Monday, 10 February 2020

Film Review: Parasite

To me, Parasite’s best quality is that it doesn’t try, as many other films do self-consciously and ostentatiously, to be an art film. It doesn’t try to be too clever, but still ends up being perfectly brilliant all the same. It just has an effortless feel about it, as if all it aspires to be is a great story. And it is one. You won’t be able to stop thinking about it for a few days after watching it. 

All the characters are flawed yet likeable in their own way, from the highly-strung, self-involved Mrs. Park who is incompetent and clueless in the way only the very rich are, to the scheming and ambitious Ki-Woo with his Gatsbyish resolve to transform his dreams into reality. And all of them are victims in their own way, like Shakespeare’s characters who are more sinned against than sinning. The isolated and detached yet inoffensive Parks with their nannied, tutored, and indulged children are as much victims of capitalism as anyone else. Incapable of handling routine tasks and the vicissitudes of parenting without outsourcing the work to hired help, incapable of being forthright with the hired help out of fear of ‘losing face’, and doomed to always evaluate hired help according to whether the latter is discreet enough not to “cross the line” into familiarity and presumptuousness, the wealthy too are imprisoned by their wealth and social status. The poor who have to deal with the ignominy of urinating drunks and overflowing toilets and flooded subterranean homes are the obvious victims of capitalism, and in this category we find the close-knit Kim family whose only sin is to have the hubris not to obey and stay within their social station.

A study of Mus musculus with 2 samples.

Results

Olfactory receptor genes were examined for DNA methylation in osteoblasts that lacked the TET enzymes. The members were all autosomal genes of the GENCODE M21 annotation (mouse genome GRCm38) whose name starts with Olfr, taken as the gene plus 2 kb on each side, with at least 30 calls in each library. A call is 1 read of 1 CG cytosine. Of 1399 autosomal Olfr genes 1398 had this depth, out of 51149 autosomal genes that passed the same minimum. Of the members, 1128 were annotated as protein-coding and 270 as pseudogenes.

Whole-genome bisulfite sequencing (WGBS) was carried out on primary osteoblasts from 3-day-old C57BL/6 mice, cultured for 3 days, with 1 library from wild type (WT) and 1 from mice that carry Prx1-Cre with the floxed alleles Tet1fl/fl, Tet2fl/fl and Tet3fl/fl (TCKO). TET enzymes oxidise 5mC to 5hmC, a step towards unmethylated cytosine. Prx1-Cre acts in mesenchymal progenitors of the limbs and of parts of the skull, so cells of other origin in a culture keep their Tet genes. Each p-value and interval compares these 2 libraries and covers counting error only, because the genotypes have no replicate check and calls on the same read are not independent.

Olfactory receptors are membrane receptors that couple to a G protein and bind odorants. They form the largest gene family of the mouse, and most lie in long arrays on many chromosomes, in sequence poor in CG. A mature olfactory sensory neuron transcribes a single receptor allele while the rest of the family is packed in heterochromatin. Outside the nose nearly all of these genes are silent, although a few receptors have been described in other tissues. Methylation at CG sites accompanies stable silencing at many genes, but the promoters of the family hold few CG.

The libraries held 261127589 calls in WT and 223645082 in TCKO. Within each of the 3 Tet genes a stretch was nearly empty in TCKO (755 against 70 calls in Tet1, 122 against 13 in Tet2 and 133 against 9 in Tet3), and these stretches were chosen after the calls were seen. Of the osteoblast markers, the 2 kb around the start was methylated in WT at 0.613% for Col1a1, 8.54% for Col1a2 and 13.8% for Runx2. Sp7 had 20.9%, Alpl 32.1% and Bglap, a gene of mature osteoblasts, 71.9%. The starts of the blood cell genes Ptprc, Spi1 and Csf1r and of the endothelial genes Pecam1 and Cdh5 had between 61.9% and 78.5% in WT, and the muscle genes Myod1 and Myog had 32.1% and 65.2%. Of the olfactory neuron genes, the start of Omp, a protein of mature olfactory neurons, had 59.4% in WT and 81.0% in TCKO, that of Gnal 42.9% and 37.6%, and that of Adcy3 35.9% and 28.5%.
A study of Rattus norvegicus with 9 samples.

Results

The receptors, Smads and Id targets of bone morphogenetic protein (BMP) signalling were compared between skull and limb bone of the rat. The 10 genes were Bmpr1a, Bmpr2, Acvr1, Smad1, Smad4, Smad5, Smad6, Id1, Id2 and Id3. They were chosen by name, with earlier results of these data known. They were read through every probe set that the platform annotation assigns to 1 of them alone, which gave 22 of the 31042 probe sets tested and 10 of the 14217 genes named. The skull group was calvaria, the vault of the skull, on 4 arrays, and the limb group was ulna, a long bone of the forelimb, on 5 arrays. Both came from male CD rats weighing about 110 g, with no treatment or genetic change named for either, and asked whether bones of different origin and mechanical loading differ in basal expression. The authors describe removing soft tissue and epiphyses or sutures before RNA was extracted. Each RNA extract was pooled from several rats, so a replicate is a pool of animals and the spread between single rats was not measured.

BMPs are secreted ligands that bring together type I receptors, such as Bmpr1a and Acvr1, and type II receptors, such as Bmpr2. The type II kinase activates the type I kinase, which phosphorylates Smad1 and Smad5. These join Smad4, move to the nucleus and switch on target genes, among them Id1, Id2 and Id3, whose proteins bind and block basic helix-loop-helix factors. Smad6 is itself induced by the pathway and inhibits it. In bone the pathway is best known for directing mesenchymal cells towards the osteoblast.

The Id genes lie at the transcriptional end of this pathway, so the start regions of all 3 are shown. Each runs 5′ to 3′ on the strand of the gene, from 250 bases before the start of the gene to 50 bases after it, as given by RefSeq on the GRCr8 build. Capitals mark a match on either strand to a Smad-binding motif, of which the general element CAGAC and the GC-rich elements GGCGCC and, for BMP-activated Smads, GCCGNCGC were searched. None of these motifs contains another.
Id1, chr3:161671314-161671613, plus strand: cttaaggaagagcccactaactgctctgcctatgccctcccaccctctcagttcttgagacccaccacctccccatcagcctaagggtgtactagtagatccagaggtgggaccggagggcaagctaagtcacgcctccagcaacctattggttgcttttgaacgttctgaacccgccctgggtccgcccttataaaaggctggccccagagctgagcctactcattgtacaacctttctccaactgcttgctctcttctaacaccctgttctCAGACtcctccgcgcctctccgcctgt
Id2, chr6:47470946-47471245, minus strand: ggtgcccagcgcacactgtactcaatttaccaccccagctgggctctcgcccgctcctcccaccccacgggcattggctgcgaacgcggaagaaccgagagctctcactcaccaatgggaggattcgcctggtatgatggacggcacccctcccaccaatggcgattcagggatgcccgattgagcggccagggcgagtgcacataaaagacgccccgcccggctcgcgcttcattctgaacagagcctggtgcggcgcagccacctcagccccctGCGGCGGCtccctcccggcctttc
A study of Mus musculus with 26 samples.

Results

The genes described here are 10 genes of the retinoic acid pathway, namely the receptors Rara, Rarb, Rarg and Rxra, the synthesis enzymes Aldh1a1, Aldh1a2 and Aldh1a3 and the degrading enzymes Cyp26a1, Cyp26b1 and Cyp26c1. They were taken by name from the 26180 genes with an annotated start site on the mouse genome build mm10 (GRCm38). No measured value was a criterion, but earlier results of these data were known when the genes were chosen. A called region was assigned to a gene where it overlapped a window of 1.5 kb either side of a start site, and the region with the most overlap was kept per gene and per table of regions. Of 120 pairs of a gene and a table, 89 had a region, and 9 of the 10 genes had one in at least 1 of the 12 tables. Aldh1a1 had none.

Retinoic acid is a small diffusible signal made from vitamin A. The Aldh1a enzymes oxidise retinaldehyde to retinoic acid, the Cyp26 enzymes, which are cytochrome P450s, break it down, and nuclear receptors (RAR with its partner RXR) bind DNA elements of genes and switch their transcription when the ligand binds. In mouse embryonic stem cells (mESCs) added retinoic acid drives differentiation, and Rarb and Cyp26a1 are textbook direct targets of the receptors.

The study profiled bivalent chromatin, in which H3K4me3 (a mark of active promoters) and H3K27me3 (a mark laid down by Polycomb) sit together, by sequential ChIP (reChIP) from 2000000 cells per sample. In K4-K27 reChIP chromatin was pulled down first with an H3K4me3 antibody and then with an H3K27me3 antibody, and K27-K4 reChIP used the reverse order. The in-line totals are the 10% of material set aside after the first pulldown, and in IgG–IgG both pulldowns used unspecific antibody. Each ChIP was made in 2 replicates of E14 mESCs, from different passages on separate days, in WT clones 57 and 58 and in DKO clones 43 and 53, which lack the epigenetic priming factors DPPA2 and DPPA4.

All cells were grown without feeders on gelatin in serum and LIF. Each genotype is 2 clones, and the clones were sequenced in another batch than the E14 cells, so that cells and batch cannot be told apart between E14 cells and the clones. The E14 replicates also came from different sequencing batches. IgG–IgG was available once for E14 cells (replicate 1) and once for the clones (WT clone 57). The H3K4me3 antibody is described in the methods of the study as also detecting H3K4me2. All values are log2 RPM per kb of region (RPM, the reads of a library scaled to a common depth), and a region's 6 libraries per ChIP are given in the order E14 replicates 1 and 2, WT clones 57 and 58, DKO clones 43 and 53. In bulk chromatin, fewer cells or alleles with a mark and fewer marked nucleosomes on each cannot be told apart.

Cursed with a scholar’s rock they could neither eat nor have a use for, tainted by the smell of radishes and poverty, stoically leaving socks hung up to dry before a window through which very little sunlight or hope enters, the Kim family's desire for upward mobility eats away at them, consuming them from within like an insatiable parasite. As the movie progresses, the viewer cannot help but question who the real parasites and bottom-feeders of society are. Yet this is a movie without clearly defined heroes or villains. One of the underlying themes of the movie is the idea of ‘fitting in’, and whether the impoverished Kim family that has ingratiated its way into employment in the wealthy Park home fits into its role and the social strata its members found themselves in. 

One of the factors that made this movie such a success (apart from the brilliant screenwriting and directing, I mean) is the way all the thespians fit into their characters and played their roles so credibly and convincingly. That ‘Parasite’ swept virtually all the awards at Palme D’Or, Golden Globe, BAFTA, and Oscars is definitely fitting. 5 stars out of 5! Catch ‘Parasite’ while you still can!